Today is Samuel Plimsoll‘s birthday. Born on February 10, 1824, Plimsoll, a British politician and social reformer fought for reasonable loading of cargo ships, which lead the adoption of the first modern loadline, which became known as the Plimsoll mark or Line. In his book, Our seamen : an appeal, (available for free in various Archive.org), he pointed out that close to 1,000 sailors a year were being drowned on ships around British shores, often due to poor maintenance and overloading. In 1876, through Plimsoll’s efforts, the Merchant Shipping Act was amended to provide for marking of a line on a ship’s sides which would disappear below the water line if the ship was overloaded. A further amendment in 1877 imposed a limit on the weight of cargo which vessels were permitted to carry and created rules governing the engagement of seamen and their accommodation on board ship.
Sam Plimsoll sounds like a fascinating character. He was a friend to sailors, miners and beer drinkers. In addition to his tireless labor for the safety of sailors, he was also involved in mine safety. Early in his career he had been the manager of a brewery and is credited with finding a new way of straining impurities from beer. Nicolette Jones wrote a critically acclaimed biography of Plimsoll, The Plimsoll Sensation, which was published in 2006. From a review in the Guardian:
He was born in Bristol, moved to Sheffield, soon grew extreme facial hair, became friendly with Giuseppe Garibaldi and Richard Cobden and, by this account, enjoyed nothing more than extending his reputation as a bit of a stirrer. He liked to point out the iniquity of traffic and railway bylaws, but his big thing was social injustice and the callous pursuit of profit with disregard for human misery. He lived at a time when industrial progress was still largely unchecked by labour laws; speed and productivity dominated in the drive for the competitive edge in global trade and the expansion of Empire…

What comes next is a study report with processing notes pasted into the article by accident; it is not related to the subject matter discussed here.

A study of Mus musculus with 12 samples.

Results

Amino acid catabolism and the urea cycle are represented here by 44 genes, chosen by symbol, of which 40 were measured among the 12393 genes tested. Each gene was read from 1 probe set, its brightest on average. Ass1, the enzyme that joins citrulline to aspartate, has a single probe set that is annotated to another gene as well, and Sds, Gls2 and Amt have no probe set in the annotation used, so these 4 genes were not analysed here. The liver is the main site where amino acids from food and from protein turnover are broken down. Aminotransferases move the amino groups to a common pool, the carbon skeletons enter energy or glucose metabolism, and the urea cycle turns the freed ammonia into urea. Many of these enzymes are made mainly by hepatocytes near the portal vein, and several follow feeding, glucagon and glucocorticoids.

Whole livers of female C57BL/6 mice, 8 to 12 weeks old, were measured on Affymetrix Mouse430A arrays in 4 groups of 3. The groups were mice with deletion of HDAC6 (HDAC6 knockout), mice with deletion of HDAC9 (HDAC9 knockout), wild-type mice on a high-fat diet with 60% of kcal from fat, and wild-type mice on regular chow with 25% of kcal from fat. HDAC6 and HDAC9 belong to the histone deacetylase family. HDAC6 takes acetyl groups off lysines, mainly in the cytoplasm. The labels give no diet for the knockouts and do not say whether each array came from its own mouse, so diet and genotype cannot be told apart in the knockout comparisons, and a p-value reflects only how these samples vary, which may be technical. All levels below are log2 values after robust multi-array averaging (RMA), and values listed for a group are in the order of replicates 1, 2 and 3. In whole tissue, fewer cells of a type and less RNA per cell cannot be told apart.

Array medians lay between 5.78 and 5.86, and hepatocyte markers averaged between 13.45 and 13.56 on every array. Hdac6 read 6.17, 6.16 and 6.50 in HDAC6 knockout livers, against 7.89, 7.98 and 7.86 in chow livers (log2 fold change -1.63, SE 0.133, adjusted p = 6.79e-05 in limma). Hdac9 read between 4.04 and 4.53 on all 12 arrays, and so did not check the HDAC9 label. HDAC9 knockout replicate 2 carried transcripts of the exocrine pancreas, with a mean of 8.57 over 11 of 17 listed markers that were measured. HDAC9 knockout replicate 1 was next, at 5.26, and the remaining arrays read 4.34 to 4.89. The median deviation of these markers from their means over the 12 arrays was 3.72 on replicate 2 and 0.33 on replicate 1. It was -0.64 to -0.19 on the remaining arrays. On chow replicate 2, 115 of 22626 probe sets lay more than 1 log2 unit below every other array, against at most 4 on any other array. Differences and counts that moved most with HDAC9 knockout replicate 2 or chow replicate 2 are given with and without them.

Unlike many other Victorians with comparable reformist zeal, Plimsoll, a low-church Anglican and one-time brewery manager, was not a teetotaller. Jones attempts to show that he was even quite fun, although you probably had to be there.
His big mission was inspired by several major accidents at sea and the fear he perceived from most sailors before a voyage. Cargo ships setting sail in the 1860s were very likely to be unseaworthy, both badly maintained and overloaded. If these ‘coffin ships’ sank, their over-insured owners usually cashed in at Lloyd’s. Plimsoll rallied for regular enforced inspections and, in 1870, encouraged by his first wife, Eliza, seized upon an idea proposed by shipowner James Hall. The idea soon became his ticket to posterity: a level of maximum submergence.
Recently a new memorial plaque was unveiled in Kent where Plimsoll is buried. While in recent times, his memory and indeed his grave site were almost lost, he was highly regarded in his own time. As noted by the BBC:
...For many years Plimsoll Day on 10 February was celebrated in various parts of the UK, while 15 towns have streets named after him..
The Plimsoll Line symbol later became the inspiration for the London Underground sign…
There are memorial statues of Plimsoll on Victoria Embankment in London and in Bristol, while a plaque marks one of the houses where he lived in Folkestone, in Augusta Gardens.
Thanks to Brian Frissel for contributing to this post.